One of England's leading teacher training universities is considering scrapping almost half its secondary school courses because of a lack of funding.
Leeds university could drop its postgraduate certificate in education for arts and humanities subjects, accounting for more than 200 new teachers each year, to make savings. The decision would affect shortage subjects including music, drama and religious education.
It is the latest in a series of disputes over the funding of training. Last month The TES revealed Exeter university was making six staff redundant and closing one of its three postgraduate courses to save money. A study, commissioned by the Department for Education and Skills last year, revealed trainee teachers attract about pound;1,000 per year less each than they cost universities.
Keith Bothamley, head of teacher training at Leeds, said the proposals were in their early stages. But he said that the university, one of 15 higher education institutions to take part in the DfES study, had to subsidise its trainees by as much as 20 per cent.
Secondary courses under threat include art and design, drama, music, design and technology, geography, history and RE.
The cuts, which would take effect from September 2006, would not hit primary PGCE and other secondary courses, including biology, chemistry, physics, English, maths and languages.
More than 200 students due to start arts and humanities courses this September would also be unaffected.
One teacher, who asked not to be named, said: "We are all stunned. Schools in this area are already struggling to recruit teachers in some of these subjects and this will have a potentially massive knock-on effect."
In a report released yesterday, Ofsted praised the quality of the university's secondary teacher training courses.
It said trainees were well scrutinised before enrolling, students received thorough guidance and partnerships with schools were strong.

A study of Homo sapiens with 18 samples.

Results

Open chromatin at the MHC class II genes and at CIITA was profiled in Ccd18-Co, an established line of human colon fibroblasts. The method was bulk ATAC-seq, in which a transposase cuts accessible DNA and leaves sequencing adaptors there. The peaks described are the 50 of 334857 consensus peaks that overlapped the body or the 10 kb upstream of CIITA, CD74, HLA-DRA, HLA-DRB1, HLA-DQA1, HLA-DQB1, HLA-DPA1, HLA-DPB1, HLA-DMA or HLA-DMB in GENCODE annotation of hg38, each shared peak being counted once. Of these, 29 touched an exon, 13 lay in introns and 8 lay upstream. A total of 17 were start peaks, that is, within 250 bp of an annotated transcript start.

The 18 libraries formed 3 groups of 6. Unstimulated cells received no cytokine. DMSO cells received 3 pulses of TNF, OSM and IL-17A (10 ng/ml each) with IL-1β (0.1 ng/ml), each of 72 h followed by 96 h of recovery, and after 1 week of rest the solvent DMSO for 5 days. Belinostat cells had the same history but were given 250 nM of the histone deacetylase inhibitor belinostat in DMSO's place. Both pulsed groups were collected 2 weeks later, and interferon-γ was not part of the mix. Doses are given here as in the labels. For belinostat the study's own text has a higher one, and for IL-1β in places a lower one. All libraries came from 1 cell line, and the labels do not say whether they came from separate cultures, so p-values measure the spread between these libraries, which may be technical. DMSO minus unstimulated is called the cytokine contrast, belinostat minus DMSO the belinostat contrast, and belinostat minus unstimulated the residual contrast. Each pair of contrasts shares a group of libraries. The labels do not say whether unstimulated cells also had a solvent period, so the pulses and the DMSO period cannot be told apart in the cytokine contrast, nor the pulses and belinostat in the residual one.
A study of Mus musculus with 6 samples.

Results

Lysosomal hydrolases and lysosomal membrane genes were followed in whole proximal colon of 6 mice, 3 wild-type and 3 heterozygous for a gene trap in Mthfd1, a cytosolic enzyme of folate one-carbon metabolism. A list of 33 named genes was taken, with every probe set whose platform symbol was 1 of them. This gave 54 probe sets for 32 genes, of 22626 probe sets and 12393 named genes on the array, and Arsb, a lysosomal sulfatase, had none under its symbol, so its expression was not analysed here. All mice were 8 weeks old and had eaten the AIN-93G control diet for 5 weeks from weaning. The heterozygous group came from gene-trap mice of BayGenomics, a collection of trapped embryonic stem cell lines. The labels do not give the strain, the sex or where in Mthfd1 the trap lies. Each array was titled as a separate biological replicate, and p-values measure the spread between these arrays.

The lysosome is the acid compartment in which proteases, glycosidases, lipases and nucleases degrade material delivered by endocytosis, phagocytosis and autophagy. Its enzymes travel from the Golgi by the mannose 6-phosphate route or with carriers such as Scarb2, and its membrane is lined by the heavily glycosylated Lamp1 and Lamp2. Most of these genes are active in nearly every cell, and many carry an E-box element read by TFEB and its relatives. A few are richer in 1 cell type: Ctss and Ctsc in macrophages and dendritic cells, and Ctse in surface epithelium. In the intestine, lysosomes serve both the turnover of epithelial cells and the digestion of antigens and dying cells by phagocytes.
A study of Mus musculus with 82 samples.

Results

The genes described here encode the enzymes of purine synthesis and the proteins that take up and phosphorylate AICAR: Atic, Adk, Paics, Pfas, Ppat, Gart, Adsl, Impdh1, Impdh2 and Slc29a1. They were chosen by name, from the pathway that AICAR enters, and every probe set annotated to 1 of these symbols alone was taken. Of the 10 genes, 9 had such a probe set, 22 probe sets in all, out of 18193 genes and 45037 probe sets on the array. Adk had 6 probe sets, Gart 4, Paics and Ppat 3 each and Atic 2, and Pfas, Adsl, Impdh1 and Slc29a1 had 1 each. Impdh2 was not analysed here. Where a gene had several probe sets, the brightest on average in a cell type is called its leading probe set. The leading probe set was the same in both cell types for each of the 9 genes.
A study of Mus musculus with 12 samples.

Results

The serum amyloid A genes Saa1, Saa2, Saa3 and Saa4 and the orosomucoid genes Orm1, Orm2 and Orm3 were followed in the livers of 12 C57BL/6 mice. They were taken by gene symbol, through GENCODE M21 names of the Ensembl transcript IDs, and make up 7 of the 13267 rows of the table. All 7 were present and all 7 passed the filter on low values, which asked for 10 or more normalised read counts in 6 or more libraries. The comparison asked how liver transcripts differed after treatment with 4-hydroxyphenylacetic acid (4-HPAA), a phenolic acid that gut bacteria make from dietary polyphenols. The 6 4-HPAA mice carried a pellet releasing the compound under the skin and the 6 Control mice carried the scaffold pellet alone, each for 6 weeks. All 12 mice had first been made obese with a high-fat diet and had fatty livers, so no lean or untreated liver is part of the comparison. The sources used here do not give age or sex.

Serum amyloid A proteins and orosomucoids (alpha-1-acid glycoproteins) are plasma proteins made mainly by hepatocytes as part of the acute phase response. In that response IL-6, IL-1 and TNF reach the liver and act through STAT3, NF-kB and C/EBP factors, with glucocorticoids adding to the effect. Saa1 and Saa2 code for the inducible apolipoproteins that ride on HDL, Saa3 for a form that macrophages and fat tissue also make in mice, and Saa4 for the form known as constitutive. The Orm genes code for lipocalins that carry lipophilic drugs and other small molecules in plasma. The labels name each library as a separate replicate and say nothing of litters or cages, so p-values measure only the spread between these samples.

Sarah Page, 22, who is about to finish a year-long PGCE in drama at the university, said: "There is a huge shortage of drama teachers. Some schools do not even have specialists in the subjects and leave it to the PE or English departments. It would be a huge loss if the course was closed."
James Rogers, executive director of the Universities Council for the Education of Teachers, said: "Schools in this country are crying out for well-trained teachers and Ofsted repeatedly praises the standard of training that teachers get in higher education institutions. It is bad news if universities are now pulling out because they cannot afford to run courses any more."
A TES poll of 43 universities in March showed that at least 60 per cent will introduce the full pound;3,000 top-up fee for students taking the PGCE, the most common route into teaching, to plug funding shortfalls.
The agency has defended its funding of teacher training. Since 200303, average funding has risen by 13.4 per cent and will continue to increase over the next two years.
In September, an extra pound;12 million will be given to the country's 134 college, university and school-based training courses, taking overall funding to pound;246 million.